Indian scientists have presented a number of novel technical, historical, and philosophical refinements to core concepts in how we understand evolutionary biology and its development in the recent edited volume Evolutionary Biology: Contemporary and Historical Reflections upon Core Theory.
The revised conceptualizations and definitions for natural selection and Darwinian fitness that explicitly include heredity (via transmission fidelities) that Indian scientists from the Foundations of Genetics and Evolution Group (FOGEG) presented bring new ideas towards resolving ongoing debates about the conceptual core of evolutionary theory and whether it needs a substantial overhaul.
The book published by Springer reflects upon core theories in evolutionary biology - in a historical and contemporary context - and has contributions from leading evolutionary biologists worldwide.
Since 2015, FOGEG – made up of JNCASR’s Evolutionary & Organismal Biology Unit faculty (TNC Vidya, Amitabh Joshi) and alumni (Sutirth Dey – IISER Pune, NG Prasad – IISER Mohali) – has been the sole non-western interlocutor in ongoing debates about the conceptual core of evolutionary theory. These debates involve historical, philosophical, and technical issues, including the role of Darwin and of population genetics in the development of evolutionary thought, units, and levels of selection, the so-called 'gene's-eye-view' of evolution, the role of individuals versus genes in evolutionary explanation, direct versus inclusive fitness, individual versus kin selection, and the logical relationships between selection, development, non-genic inheritance, and niche construction.
In their chapter in the book, the authors have highlighted the importance of treating selection as a process, not an act, and of focussing on causes and consequences of selection separately when evaluating the roles of different levels of biological organization and various biological phenomena in evolution. These novel approaches have the benefit of clarifying and resolving several pernicious debates about units and levels of selection, the so-called 'gene's-eye-view' of evolution, the role of individuals versus genes in evolutionary explanation, direct versus inclusive fitness, and the logical relationships among various evolutionary factors and phenomena.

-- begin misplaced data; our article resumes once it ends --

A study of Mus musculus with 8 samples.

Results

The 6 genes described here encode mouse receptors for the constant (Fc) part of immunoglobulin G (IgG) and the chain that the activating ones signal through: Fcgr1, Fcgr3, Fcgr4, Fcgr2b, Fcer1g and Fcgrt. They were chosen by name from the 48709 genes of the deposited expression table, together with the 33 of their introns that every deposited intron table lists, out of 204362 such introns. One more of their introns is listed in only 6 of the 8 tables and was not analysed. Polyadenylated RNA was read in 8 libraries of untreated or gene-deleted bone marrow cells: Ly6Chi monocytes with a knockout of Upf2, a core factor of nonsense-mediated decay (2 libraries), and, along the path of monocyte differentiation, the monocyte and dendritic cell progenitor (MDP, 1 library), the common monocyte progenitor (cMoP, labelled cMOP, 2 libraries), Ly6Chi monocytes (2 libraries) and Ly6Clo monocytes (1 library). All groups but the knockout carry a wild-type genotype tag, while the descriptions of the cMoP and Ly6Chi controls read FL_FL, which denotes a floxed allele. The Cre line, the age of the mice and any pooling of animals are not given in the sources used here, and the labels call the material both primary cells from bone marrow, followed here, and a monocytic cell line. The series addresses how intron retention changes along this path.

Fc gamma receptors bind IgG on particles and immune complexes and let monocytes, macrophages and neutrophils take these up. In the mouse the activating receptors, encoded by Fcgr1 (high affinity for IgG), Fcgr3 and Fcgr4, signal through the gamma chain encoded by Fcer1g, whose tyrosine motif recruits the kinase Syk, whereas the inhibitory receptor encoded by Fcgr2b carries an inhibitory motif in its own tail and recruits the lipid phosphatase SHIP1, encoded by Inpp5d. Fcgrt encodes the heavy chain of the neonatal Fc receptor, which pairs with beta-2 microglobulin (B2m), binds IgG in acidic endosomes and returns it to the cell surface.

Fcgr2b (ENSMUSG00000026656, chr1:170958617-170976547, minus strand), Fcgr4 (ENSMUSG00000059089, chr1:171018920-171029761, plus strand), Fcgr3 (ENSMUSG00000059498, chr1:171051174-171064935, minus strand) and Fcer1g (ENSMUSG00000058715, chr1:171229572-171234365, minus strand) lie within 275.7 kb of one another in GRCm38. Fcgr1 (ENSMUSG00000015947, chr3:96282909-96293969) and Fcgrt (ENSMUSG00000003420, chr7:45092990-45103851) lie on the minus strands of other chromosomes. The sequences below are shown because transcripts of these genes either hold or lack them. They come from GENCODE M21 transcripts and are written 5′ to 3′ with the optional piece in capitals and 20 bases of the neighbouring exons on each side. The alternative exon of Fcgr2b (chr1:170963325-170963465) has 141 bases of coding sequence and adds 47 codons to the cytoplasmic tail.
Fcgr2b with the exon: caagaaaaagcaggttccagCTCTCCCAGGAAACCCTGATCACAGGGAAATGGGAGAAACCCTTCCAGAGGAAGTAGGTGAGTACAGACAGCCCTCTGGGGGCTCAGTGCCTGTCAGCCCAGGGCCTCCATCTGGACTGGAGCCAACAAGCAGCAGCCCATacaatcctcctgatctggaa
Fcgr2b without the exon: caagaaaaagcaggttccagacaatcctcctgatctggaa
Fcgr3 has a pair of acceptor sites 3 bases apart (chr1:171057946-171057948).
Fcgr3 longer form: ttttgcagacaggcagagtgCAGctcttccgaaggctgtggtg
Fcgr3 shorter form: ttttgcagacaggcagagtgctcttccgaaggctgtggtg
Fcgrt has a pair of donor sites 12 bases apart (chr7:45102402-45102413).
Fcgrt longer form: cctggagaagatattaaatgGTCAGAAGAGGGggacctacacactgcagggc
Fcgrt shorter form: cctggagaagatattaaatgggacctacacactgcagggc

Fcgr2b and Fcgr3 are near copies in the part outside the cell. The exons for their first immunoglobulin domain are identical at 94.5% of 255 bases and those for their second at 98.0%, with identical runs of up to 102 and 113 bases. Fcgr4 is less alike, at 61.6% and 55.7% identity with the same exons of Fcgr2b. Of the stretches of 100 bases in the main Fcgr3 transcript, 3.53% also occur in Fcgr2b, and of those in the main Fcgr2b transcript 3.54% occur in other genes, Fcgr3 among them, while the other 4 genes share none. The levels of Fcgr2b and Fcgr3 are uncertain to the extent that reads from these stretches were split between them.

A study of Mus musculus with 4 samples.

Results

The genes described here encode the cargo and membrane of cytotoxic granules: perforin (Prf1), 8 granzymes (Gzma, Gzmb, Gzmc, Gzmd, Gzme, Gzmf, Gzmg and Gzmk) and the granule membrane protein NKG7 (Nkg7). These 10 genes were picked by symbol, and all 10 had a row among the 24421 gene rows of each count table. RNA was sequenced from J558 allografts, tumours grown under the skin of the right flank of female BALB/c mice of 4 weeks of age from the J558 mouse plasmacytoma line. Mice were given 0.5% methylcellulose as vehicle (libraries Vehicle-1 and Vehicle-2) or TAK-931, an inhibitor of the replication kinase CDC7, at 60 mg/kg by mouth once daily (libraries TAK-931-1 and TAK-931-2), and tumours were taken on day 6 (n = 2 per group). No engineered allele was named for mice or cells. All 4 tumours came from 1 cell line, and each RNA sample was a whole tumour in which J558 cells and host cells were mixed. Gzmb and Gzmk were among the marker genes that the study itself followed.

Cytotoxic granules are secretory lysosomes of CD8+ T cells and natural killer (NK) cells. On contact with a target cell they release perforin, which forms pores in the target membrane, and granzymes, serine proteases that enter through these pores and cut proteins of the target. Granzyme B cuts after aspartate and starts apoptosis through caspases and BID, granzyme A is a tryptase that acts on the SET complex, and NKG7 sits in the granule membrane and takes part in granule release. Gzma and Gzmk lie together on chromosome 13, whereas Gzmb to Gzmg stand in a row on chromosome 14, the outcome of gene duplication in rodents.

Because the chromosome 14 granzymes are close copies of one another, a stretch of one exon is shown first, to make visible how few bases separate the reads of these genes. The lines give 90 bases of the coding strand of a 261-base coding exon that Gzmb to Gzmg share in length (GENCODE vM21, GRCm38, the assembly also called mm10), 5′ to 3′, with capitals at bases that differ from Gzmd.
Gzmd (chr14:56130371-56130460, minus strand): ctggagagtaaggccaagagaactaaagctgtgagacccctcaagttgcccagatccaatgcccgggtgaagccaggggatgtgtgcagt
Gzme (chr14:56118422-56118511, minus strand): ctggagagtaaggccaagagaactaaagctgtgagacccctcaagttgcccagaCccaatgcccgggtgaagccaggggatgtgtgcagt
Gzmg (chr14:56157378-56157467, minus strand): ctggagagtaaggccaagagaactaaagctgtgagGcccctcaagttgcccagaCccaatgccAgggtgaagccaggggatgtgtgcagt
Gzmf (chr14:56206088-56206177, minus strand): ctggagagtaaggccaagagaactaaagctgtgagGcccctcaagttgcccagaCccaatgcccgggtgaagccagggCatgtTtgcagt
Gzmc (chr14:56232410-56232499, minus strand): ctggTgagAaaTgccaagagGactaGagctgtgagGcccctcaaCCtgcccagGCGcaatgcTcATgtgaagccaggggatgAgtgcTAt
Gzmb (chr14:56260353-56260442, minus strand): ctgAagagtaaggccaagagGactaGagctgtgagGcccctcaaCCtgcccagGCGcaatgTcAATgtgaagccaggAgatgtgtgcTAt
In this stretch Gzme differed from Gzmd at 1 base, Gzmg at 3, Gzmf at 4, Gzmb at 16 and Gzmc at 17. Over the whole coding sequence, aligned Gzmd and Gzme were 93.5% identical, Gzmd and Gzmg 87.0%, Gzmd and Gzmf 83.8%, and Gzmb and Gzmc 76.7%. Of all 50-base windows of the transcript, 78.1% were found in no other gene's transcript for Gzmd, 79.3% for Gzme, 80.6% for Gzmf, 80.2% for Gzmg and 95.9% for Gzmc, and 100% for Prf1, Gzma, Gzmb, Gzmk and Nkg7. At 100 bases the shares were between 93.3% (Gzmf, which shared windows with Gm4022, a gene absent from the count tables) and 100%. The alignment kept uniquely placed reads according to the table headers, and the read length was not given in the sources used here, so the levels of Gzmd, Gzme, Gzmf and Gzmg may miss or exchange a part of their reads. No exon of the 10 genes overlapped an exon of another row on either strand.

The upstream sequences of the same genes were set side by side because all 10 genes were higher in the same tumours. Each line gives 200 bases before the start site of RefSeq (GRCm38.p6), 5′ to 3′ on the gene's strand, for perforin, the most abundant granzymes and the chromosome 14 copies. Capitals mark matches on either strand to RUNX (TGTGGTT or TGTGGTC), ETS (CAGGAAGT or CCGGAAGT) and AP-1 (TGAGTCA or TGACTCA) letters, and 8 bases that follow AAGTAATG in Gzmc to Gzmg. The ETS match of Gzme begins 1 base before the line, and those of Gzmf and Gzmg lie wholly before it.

The authors have also highlighted that more than natural selection and descent with modification, it was Darwin's specific operationalization of the concept of selection that was unique (and differed from the conceptualizations of both Alfred Wallace and Herbert Spencer), and which included the aspects of the atomization of individuals into traits and a reconceptualization of heredity, which standard historiography of evolution has erroneously ascribed to the post-Mendel period. The chapter also emphasises that there are two distinct ‘gene’s-eye-views’ of evolution, not one as is commonly believed, showing that the Fisherian gene’s-eye-view of evolution is fundamentally different from, and not the precursor of, the Dawkinsian gene’s-eye-view. This is the first time in many decades that Indian biologists have put forward such extensive novel refinements to fundamental conceptual principles in the field.
Commenting on the chapter written by the FOGEG group, Prof. Vassiliki Smocovitis, a distinguished historian of evolutionary biology from the University of Florida, refers to it as a “chapter of exceptional eloquence and profound insights". It is very rare for Indian biologists to be contributing to such major and profound debates around the 'soul of the subject'. The present book chapter and the earlier 2017 FOGEG paper are already being used as readings in a graduate seminar course at the University of Florida.